Thread started 01 Oct 2010 (Friday) 11:16

 
JayJay

I'm trying to decide between which of the Canon macro 100mm lenses to choose.

The L is almost double the price but has IS and better quality. I want to use this lens to photograph flowers, insect life and jewellery, and as an added bonus, portraits. I'm really tempted to buy the non-L and put the rest towards a secondhand full frame body, but I would be interested to hear what others think.

JayJay



If you're shooting portraits as well, you'll benefit from the IS on the L version. Otherwise, they're pretty similar - the L is a tiny bit sharper at f/2.8 and is weather-sealed, but that's just about it.




  

I had the same problem as you and I went for the non L version, as you said it saves almost half the money and if you're going to shoot portraits I'd use a tripod anyway!




  

Katalyst wrote in post #11014642 (external link)
I had the same problem as you and I went for the non L version, as you said it saves almost half the money and if you're going to shoot portraits I'd use a tripod anyway!

I had the same ideas as you and I went for the L version.

Shooting portraits with a tripod is too much work if you're out and about, and being able to shoot at 1/30 shutter speed was worthwhile for me. The IS isn't all that great for macro purposes.

That being said, I don't really enjoy using it for portraiture, so I will toss in a consideration of 100 non-L for macro, and Rokinon 85 1.4 for portraiture, all for cheaper than the L version.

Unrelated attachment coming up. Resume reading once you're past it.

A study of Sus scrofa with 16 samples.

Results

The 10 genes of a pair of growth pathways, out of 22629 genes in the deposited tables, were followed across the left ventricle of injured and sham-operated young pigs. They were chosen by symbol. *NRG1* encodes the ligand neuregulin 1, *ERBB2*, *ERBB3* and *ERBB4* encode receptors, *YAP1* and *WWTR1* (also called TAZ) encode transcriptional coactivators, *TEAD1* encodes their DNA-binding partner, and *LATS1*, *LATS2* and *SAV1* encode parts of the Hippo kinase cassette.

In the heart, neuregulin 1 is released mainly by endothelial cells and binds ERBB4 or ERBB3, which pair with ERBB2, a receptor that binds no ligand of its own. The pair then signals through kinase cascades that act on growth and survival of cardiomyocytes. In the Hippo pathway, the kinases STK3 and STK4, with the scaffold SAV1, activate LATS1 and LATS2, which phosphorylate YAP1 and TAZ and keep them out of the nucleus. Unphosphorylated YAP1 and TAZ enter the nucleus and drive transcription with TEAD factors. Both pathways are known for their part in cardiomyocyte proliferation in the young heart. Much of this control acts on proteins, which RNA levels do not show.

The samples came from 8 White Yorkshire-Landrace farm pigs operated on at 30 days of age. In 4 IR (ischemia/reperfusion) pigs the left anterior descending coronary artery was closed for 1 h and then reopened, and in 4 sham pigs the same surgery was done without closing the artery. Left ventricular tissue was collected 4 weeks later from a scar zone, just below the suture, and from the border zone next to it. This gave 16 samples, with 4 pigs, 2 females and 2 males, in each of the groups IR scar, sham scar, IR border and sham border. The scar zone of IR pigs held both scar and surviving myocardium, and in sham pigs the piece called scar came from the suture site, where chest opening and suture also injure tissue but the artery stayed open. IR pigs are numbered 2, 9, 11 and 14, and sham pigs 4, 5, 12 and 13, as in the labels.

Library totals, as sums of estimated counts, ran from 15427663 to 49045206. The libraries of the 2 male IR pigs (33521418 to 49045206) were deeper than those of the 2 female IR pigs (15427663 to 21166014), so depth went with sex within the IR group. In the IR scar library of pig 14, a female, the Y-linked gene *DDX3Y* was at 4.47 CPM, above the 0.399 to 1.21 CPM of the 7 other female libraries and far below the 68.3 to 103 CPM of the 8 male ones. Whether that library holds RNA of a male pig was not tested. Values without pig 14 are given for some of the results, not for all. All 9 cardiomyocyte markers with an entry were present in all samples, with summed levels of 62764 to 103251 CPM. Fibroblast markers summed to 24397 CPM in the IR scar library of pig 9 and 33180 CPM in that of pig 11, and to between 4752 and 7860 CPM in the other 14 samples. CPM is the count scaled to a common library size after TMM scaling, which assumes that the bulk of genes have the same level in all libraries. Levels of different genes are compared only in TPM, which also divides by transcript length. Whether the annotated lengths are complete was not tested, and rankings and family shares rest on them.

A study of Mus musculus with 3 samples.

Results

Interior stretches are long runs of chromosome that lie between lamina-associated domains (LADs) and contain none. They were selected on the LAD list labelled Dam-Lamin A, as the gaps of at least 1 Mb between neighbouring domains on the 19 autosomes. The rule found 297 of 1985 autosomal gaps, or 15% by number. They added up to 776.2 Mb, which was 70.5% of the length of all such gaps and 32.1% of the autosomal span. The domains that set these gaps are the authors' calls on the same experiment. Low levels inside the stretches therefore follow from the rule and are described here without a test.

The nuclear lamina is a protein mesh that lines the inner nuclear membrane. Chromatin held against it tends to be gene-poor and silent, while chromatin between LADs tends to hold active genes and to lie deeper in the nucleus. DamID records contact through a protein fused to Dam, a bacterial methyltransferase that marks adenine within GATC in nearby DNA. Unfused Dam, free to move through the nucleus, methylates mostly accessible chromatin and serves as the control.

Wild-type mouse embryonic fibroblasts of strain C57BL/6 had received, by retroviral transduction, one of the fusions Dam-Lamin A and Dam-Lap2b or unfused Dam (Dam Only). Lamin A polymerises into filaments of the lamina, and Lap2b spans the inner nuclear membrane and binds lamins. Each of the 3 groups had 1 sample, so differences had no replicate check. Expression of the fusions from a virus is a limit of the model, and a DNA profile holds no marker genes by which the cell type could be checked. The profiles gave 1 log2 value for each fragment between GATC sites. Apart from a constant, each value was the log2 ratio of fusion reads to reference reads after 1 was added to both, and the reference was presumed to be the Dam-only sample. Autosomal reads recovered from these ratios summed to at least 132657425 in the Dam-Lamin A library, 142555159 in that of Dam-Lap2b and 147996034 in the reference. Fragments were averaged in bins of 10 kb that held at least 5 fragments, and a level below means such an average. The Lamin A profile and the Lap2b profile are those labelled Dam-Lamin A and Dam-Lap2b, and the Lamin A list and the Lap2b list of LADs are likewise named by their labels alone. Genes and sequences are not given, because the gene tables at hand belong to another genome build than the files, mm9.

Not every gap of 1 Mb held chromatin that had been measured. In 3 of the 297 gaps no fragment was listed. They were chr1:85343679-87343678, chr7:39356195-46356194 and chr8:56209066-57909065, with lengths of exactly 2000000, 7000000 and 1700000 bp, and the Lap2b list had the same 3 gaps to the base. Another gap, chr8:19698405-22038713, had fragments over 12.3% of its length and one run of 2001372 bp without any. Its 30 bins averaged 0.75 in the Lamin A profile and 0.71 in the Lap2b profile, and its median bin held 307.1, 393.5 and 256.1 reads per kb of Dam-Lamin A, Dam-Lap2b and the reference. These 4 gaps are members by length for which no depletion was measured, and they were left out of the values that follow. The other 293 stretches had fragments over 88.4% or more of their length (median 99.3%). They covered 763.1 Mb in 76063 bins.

Since I use my 70-200 2.8 IS II for portraits I never use my 100 macro for that purpose. I have owned both the 100mm macros, and ended up keeping my non-L. I didnt like the Hybrid IS system in the 100L. Sounded clunky and I didnt like how it flops around a bit inside the lens barrel when the lens is unmounted. I didnt like the build quality, IMO is was not up to L standards. As mentioned ealier, IS doesnt really help with macro photography if you use a flash, which I always do. I didnt like that I had to buy an additional $40 adapter to use the 100L with my MT-24EX flash. I didnt like that the 100L was not a standard filter size like 58mm or 77mm which ALL my other lenses match. And lastly, since the IQ for macro is very much the same, there was no gain in IQ from the 100L. Needless to say I returned the 100L and kept my non-L.



buy the non L, and with your savings buy a flash...



DreDaze wrote in post #11015156 (external link)
buy the non L, and with your savings buy a flash...

+1 to that!



Yeah, you need the flash for bug macro, and other types of macro.

You could also get the 85 1.8 for portraits, and a Kenko extension tube set for macro.

Tamron makes a 60mm f/2 macro which looks pretty nice and is a good portrait length on crop sensors.

Tamron also makes the nice 90mm 2.8 macro. Don't forget Sigma's macro offerings.

I purchased the non L 100mm macro since imo the IS is a waste of money for most macro purposes.



many thanks for so much considered advice. I've made my decision now, the Non L it will be, plus the flash. merci!


JayJay
Canon bodies: 50D, 5D
Canon lenses: EF 50mm f/1.4, EF L 17-40mm, EF 100mm macro, EF L 300 f4.0

  

I never pulled the trigger on the 100 macro until L and IS. Better IQ, IS to help when I do macro w/o a tripod (which is most of the time), and I appreciate the lighter weight.